On the very southeastern tip of the Louisiana boot lies a lake in the heart of cajun country. Adams Bay, a lake in Plaquemines Parish, is threatened by the rising tides, as shown in a recently released documentary produced by Peyton Finch.
Finch, freshman at Loyola University New Orleans, was the mastermind behind the National Geographic documentary about Adams Bay.
“It was very scary mainly because the name National Geographic is attached to it, so you’re just like, oh my gosh,” Finch said.
Back in 2018, when Finch was still in high school at the New Orleans Center for Creative Arts, a few of her high school teachers asked if Finch would like to be a part of their project. They had received a grant from National Geographic to research the lake and the archeological importance of it. Her answer was easy.
“I was like, ‘yeah,’” she said.
Adams Bay is an area in southern Louisiana facing land loss, and the goal of the documentary was to present its story creatively so everyone could easily digest it. Finch played a huge role.
“It was sort of my creative vision in a way because I did all of the editing for it, I composed the website that the film is housed on,” Finch said. “I did all of the motion design and the interviews as well.”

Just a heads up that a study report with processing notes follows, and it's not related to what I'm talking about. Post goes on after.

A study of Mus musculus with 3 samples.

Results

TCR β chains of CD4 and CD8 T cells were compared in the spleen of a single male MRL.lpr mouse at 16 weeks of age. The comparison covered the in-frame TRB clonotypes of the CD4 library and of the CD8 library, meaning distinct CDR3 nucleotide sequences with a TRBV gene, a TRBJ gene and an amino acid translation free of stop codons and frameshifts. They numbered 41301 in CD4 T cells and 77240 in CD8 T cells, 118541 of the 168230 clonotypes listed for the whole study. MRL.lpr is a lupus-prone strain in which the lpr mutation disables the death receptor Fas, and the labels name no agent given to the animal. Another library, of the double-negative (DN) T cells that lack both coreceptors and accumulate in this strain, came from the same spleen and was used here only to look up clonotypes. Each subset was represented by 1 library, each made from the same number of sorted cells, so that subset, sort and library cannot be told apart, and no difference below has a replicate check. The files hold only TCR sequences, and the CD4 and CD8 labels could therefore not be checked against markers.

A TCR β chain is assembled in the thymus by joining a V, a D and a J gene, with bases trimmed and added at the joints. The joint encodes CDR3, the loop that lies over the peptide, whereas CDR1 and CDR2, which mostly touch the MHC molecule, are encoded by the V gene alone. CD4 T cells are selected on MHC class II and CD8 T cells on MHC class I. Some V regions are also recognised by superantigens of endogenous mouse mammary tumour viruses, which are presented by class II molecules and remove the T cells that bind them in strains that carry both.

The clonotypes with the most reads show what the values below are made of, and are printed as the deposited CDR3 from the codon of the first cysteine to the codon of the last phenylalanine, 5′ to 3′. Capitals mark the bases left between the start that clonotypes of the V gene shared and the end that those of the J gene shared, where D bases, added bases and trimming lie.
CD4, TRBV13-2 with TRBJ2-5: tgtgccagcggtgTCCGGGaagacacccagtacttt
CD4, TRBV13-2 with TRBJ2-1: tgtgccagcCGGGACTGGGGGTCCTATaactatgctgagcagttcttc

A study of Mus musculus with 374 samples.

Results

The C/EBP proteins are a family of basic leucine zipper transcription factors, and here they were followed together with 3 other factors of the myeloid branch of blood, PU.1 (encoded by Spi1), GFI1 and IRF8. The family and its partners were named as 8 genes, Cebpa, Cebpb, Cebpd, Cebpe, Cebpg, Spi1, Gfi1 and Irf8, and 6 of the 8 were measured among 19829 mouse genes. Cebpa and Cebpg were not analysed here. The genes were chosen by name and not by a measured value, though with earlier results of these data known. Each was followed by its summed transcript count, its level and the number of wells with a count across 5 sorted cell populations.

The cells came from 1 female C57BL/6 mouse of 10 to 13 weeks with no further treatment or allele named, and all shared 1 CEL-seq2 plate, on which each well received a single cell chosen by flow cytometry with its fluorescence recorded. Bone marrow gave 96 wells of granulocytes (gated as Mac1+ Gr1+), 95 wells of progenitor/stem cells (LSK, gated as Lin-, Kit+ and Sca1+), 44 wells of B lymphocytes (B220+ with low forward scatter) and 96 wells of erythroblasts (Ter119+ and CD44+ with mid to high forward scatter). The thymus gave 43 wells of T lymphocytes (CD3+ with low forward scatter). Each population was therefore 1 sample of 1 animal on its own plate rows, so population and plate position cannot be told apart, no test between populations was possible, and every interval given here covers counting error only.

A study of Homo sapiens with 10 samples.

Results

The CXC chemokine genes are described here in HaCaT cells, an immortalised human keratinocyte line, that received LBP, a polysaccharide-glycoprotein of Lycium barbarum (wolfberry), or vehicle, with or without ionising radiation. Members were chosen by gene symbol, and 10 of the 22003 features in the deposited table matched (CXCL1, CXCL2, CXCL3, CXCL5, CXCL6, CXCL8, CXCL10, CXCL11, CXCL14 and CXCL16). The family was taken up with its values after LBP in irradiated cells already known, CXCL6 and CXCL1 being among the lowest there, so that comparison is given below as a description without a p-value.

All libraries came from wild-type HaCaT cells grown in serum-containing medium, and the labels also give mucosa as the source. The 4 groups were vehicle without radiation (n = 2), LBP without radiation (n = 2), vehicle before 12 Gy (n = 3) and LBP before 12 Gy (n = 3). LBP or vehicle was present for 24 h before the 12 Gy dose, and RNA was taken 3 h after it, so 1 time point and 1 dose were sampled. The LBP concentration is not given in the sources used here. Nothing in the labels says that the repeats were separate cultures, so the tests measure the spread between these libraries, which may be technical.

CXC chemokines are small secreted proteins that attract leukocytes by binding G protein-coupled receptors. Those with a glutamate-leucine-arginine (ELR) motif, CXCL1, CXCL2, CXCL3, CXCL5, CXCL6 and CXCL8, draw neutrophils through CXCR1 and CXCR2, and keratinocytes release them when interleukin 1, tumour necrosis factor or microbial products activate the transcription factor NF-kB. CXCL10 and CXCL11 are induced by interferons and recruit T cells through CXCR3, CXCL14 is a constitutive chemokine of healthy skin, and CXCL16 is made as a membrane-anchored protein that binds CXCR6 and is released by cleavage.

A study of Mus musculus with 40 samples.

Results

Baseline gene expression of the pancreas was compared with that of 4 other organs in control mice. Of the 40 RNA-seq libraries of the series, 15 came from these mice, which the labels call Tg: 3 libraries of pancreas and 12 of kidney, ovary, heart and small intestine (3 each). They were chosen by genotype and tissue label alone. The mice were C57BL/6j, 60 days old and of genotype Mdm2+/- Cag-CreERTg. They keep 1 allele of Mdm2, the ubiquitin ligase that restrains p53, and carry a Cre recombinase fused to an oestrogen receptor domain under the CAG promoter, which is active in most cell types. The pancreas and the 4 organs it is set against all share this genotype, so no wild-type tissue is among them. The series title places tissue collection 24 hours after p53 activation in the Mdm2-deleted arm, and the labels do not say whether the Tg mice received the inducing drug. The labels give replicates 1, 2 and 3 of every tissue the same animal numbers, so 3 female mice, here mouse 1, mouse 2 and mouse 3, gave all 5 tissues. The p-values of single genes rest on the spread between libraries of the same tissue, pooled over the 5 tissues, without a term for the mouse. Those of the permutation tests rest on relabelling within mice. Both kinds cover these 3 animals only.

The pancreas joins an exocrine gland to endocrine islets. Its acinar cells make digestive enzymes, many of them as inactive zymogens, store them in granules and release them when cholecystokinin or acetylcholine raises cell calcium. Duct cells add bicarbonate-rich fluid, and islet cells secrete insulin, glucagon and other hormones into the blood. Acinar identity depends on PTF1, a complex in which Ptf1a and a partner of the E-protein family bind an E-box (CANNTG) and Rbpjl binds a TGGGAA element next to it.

The people of Adams Bay fueled the voice for the documentary, and it became its own character.
“What really mattered to me was that I was treating this issue with respect and treating it like a responsibility because in a way, it’s like you are kind of telling another person’s story,” she said.
One of Finch’s peers, Judith Breinin, helped her with a lot of the documentary process, doing camera work, audio, writing interview questions and helping Finch with the post-production of the film.
Breinin was also interviewed as part of the documentary, discussing what it was like to fight climate change close to home.
“I talked about my experience with my family going into the oil field and petroleum fields, and how that ties into our eroding coastline, and what it means for people in Cajun Country Louisiana, to have access to jobs in those fields while also kind of being part of the reason that our culture and the land that we’ve had in our families for so long is disappearing.”
Both women were excited to be a voice for something that means a lot to them, and it meant even more to both Finch and Breinin as young women in film.
“It’s very hard to be your own individual if you’re always comparing yourself to somebody else’s work and what they’re after, but I think it’s really important to stay grounded in what your values are,” Finch said.